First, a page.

Today, please welcome another Accent Press author to my gaff. Tomorrow is the official launch of Back Home and I’ll be there in person to toast Tom’s latest offering. In the meantime, let’s raise a virtual glass here. Cheers, Tom. Over to you.
Back Home is the sixth historical novel that I’ve written but it differs from the other five in that it is not tied to a specific historical event. My son insists that I like writing historical novels because I lack imagination. It’s true that if somebody asks me where I get my ideas from, the answer is, “History books.” Indeed, part of the fun of plotting my previous novels has been making sure that my characters are in the right place, at the right time, to fit the historical record. My fictional creations meet and talk with real people, often using the words that those real people actually did use in their diaries and letters. It can be challenging, but it’s a lot of fun, and it does mean that I seldom have to ask myself, “What happens next?”
Back Home is different. My narrator, John Williamson, has returned to England after his adventures with the real James Brooke (The White Rajah) and having survived the all-too-real horrors of the Indian Mutiny (Cawnpore). Back in his native land, though, there are no great events for him to be caught up in, so I had a blank page on which to write whatever story I wanted.
In fact, I didn’t really have an entirely blank page. Cawnpore had ended with John Williamson landing in Devon and in The White Rajah I had suggested that he died in Devon, so the story has to begin and end there. But, reading history books in search of plot material, I had been caught up by tales of the Victorian underworld and these seemed to centre on London. Certainly London’s underworld is the best documented, largely because of Mayhew’s astonishing work on London Labour and the London Poor. John, I decided, would travel to London for one last adventure before retiring to live out his years peacefully in Devon. And that adventure would involve the criminal gangs of London and, in particular, Seven Dials, an area that had fascinated me for years. (I’ve written about Seven Dials and why I wanted to set the story there on Lynne Shelby’s blog)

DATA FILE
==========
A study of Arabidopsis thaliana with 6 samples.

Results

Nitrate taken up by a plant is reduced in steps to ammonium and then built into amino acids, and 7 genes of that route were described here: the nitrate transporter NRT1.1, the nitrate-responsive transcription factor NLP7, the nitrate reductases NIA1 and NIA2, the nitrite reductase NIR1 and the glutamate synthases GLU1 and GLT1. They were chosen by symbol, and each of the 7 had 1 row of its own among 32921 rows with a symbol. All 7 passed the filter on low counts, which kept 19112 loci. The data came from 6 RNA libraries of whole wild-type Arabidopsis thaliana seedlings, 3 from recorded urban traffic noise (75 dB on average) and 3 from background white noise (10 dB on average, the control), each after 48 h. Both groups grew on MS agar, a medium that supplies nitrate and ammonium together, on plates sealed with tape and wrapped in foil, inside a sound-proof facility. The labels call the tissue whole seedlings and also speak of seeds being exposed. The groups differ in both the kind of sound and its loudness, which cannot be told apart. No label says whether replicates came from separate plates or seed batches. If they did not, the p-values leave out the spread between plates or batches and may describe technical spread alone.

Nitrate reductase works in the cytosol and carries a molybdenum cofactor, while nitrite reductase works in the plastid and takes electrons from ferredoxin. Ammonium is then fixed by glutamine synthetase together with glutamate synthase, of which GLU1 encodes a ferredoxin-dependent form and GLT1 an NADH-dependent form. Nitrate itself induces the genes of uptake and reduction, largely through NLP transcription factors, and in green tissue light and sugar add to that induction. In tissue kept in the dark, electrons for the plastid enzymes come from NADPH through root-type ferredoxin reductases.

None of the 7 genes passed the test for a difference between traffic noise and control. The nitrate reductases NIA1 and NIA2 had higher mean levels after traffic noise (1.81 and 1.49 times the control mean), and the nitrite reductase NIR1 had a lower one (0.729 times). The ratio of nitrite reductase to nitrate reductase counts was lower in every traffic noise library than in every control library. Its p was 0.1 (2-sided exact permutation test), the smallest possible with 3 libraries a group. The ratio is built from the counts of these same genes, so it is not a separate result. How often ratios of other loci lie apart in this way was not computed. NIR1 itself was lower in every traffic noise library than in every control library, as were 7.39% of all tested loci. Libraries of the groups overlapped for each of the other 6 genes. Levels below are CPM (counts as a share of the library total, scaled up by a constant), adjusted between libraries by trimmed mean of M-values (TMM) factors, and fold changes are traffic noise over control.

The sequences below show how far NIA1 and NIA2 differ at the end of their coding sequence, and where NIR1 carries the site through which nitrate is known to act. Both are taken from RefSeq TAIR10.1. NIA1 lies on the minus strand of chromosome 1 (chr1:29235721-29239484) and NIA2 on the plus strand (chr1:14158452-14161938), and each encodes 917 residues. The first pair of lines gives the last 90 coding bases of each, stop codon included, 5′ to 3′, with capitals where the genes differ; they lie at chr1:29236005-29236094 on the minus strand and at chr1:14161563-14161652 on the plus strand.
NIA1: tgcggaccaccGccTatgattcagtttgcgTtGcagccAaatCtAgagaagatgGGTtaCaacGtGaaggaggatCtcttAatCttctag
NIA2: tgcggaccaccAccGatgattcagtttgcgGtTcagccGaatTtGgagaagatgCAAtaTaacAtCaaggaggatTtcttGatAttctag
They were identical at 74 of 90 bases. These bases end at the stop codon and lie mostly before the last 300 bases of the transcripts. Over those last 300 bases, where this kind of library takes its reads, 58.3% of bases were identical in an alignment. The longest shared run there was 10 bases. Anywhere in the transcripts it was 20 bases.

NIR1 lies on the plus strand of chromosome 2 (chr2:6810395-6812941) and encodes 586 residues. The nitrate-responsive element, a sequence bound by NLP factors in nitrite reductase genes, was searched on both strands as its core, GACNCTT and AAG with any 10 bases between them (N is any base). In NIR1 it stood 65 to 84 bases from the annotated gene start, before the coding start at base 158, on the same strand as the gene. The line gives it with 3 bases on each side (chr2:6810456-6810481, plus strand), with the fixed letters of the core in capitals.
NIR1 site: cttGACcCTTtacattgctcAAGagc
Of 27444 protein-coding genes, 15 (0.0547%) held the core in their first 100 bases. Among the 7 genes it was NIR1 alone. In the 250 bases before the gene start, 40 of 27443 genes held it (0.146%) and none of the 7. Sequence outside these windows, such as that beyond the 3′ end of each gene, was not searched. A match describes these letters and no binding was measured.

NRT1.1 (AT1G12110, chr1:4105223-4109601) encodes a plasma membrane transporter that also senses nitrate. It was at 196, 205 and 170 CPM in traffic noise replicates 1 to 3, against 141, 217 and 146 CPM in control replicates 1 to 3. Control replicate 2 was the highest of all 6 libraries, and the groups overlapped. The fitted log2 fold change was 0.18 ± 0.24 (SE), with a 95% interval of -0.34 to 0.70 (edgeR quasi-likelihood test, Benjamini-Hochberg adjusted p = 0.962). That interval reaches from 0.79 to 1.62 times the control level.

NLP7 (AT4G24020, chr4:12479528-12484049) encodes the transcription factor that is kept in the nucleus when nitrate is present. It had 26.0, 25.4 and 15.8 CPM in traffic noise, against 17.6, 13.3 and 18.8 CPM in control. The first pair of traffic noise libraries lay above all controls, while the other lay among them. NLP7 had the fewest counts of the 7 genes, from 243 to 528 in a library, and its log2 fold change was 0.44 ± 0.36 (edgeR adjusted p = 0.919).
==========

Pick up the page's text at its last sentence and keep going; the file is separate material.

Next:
Within that loose geographical outline, I could write whatever I wanted. I thought it was important, though, that the story reflected the tone of the previous John Williamson stories and was historically accurate. Although the events are completely fictional, the historical framework within which they take place is quite detailed – arguably more so than in the previous stories. The London that John explores is the London of Bradshaw’s 1862 Hand Book. The streets are the streets of the Post Office Directory map of London from 1857 and the people he encounters are Mayhew’s characters. The background of worries about possible invasion by the French and concern about communist revolutionaries is real. (Karl Marx features, and his character – and some of his words – are true to life.) I learned how to forge a sovereign (I really could, I think) and where to pick up a prostitute. I found the cost of a light lunch and what exhibits were popular in the British Museum. And, once I’d done all this, I let rip with a story about villains and secret policemen and government plots that is entirely fantasy.
In the end, the difference was less than I might have expected. History sets limits on what you can have your characters achieve, even when they are very much on the margins of great events. It turns out that Dr Who is right. History is governed by wibbly-wobbly timey-wimey rules. The attempted revolt of the people of Seven Dials is doomed: they will vanish from history. Enemies of the state will quietly die, possibly in not-quite-explained circumstances. Social misfits will conform or perish or, just possibly, escape back to Devon and a sort of peace. In art, as in life, history will move on remorselessly. We have less control of our characters, and our lives, than we like to think.
In 1859, John Williamson returns from India, broken by his experiences in the Mutiny. England has become a country he hardly recognises. Industrialisation at home and military expansion abroad have made Britain into a dynamic political and economic power that dominates the world. Yet, in London, he finds the same divide between the poor and the rich that he saw in the Far East. Once again, is caught between the machinations of the powerful and the resistance of the powerless. But now that he is back home, can he escape the cycle of violence that has dogged his life?
Tom Williams used to write about boring things for money. If you wanted an analysis of complaints volumes in legal services or attitudes to diversity at the BBC, then he was your man. Now he writes much more interesting books about historical characters and earns in a year about what he could make in a day back then. (This, unfortunately, is absolutely true.) He also writes a blog (http://thewhiterajah.blogspot.co.uk/) which is widely read all over the world and generates no income at all.
Besides making no money from writing, Tom makes no money out of occasionally teaching people to tango and then spends all the money he hasn’t made on going to dance in Argentina.
Tom has a wife who, fortunately, has a well-paid job, and a grown-up son who has resolved that he is never, ever, going to write anything.
Thanks for stopping by, Tom. Good luck with the rest of the tour and the book itself. May it fly off the virtual shelves.